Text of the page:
A Tale of One City

It's been rather difficult to figure how to write about my trip to London over Thanksgiving. For years, London has been my heart: I left the country for the first time to go to college there, fell in love for the first time and saw a bit of the world. I feel I grew up there and returned to the states a different boy. I had never been so happy in my life.

But I'm not 20 years old anymore. I've changed, London's changed; it's awfully commercial now. I'm not 32 either, when I last went back 10 years ago, just enthralled to be there again, to revisit some places and relive some memories. This year I did go back to look at my dorm at the Park Crescent Mews off of the Great Portland tube stop. It's a residential building now. I also returned to The Albany, a local watering hole across the street. I went to visit my school, Regent's College in Regent's Park, but couldn't get in past the gates. I needed a student pass, which I obviously didn't have any longer--so I stealthily snuck in through the back entrance, past several guards to get to the grounds. The staircase at the Royal Academy of Music which I used to climb several times a week when I took voice lessons isn't nearly as grand as I remember it.

Despite the sometime feeling of bewilderment, Baby and I created some really exciting new memories too this year in London--so perhaps what I'm really writing about is two tales of one city.
Apart from seeing a great production of Breakfast at Tiffany's and snagging two last-minute tickets to the extraordinarily fun and gorgeous musical version of Priscilla, Queen of the Desert, Baby and I naturally found some wonderful meals. Baby took me to J Sheeky, his favorite restaurant in London, where we supped on oysters, Dover sole and fish pie, and I took him to my favorite restaurant, London's oldest restaurant, Rules. We had even more incredible Frenchman's Creek Rock oysters from the Duchy of Cornwall, Roe deer terrine, onion soup with welsh rarebit toasts, bloody good lamb chops, and Steak Diane with herb butter and a sticky toffee pudding to top it all off.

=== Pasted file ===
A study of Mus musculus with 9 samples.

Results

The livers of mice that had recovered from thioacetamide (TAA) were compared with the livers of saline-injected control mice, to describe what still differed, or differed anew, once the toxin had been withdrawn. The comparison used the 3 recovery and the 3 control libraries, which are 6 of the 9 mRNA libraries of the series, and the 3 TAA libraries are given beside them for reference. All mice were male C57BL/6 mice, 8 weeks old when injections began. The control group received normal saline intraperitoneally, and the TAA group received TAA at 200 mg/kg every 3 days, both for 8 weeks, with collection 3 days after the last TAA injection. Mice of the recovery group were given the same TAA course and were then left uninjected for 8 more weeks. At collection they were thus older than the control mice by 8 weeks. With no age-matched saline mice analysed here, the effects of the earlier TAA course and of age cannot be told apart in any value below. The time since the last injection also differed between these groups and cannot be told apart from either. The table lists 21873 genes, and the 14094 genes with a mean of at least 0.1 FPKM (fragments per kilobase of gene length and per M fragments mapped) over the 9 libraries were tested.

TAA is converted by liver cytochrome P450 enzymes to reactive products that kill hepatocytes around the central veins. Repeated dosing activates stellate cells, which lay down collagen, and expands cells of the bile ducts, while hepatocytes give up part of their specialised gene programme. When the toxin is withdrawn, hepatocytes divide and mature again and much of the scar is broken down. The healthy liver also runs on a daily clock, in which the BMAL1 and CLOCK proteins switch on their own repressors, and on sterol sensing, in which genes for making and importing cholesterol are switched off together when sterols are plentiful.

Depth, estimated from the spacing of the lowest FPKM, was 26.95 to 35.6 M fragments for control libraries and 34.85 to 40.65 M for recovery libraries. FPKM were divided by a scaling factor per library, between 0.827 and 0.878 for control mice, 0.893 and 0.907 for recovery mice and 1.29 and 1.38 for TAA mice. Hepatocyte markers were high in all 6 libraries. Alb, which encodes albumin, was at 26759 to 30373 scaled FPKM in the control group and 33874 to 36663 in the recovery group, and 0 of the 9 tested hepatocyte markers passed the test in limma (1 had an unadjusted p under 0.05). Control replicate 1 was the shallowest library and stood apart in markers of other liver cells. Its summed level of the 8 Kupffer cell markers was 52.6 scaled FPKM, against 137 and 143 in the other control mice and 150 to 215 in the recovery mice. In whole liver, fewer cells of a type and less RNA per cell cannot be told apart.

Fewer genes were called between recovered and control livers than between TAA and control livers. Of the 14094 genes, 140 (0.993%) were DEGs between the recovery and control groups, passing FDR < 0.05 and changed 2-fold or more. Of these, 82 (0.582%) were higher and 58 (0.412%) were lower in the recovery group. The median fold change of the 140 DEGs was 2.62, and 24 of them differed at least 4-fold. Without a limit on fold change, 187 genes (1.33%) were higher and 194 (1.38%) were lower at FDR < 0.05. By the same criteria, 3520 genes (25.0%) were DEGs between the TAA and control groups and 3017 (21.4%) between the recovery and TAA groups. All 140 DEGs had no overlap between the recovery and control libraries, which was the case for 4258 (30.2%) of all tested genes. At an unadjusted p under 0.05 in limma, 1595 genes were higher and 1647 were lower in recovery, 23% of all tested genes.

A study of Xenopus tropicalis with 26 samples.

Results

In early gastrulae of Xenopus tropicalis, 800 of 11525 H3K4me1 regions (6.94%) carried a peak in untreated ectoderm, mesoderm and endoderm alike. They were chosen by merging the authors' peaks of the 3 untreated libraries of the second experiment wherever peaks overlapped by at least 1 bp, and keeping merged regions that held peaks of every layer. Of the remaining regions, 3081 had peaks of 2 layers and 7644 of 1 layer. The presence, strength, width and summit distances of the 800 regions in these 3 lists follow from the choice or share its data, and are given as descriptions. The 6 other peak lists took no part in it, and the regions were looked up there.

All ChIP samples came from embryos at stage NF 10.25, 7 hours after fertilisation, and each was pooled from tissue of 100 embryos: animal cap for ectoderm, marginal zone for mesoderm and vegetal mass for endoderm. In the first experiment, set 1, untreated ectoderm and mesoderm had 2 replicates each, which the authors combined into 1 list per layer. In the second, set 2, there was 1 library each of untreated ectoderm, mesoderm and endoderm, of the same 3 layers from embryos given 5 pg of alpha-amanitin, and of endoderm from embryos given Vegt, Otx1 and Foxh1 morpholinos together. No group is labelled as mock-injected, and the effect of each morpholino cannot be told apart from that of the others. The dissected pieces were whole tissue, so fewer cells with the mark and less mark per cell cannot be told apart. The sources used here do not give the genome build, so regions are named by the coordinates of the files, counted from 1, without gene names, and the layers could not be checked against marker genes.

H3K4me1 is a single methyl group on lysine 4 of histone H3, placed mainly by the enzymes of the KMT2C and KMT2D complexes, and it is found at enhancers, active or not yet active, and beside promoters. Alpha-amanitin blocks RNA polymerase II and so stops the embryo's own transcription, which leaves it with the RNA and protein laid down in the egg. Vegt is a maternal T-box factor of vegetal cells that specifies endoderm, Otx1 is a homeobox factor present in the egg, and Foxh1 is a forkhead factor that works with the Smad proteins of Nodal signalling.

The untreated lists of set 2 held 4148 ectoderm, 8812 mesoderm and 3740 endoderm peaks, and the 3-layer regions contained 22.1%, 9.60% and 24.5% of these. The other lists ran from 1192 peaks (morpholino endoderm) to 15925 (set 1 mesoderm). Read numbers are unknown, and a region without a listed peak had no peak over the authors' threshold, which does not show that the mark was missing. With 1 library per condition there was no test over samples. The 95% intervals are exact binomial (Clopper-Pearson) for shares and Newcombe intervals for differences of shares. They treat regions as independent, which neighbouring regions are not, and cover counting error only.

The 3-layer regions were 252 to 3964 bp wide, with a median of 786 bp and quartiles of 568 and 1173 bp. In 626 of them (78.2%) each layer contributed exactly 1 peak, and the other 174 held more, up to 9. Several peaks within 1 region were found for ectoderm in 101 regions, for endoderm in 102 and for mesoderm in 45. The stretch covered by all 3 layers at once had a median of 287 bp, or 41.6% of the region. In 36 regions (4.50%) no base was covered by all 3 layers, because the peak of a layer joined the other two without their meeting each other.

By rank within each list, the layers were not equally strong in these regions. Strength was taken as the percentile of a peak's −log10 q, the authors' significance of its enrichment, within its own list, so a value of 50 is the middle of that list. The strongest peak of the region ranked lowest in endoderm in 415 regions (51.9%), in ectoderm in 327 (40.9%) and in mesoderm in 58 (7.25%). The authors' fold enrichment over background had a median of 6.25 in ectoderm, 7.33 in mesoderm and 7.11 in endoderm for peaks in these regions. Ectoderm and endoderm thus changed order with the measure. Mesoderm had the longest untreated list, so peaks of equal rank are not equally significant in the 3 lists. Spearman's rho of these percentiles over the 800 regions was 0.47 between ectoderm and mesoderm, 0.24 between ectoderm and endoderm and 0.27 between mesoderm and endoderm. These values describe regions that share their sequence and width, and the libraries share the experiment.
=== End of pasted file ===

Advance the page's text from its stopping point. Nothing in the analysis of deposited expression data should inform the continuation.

Since Baby had to work, I spent a truly fabulous Thanksgiving day single-o at Harvey Nichols, taking myself to lunch on the 5th floor. The prix fixe was a damned good deal (about $40, including half a bottle of wine) where I treasured a Fourme d'Abert (a gentle blue cheese) & pear tart, mushroom risotto and chocolate mousse with pistachio crisps and a drizzle of pear coulis. Later that evening, we all had cocktails with Amy Sacco at her newly opened Bungalow 8 in the chic St. Martin's Lane hotel, and then a proper feast alongside her as well at Bedford & Strand. Roast parsnip soup! Beef and onion pie! And of course, turkey with traditional trimmings. We also shared the treacle tart with clotted cream.

When I try to sort my feelings about this unexpectedly conflicted journey, I suppose it is the boy I miss, the one I used to be, who was some years ago emerging as a young man. I guess I realized too when I was in London that there are certain things better left simply relegated to the past. I'm not 20 years old anymore but when I think about when I was, and am flooded with all those memories of the London that I so cherished, I finally might have realized I don't have to hold on to or try to recapture the past; instead know now that for having just lived it, yes, I will always be thankful.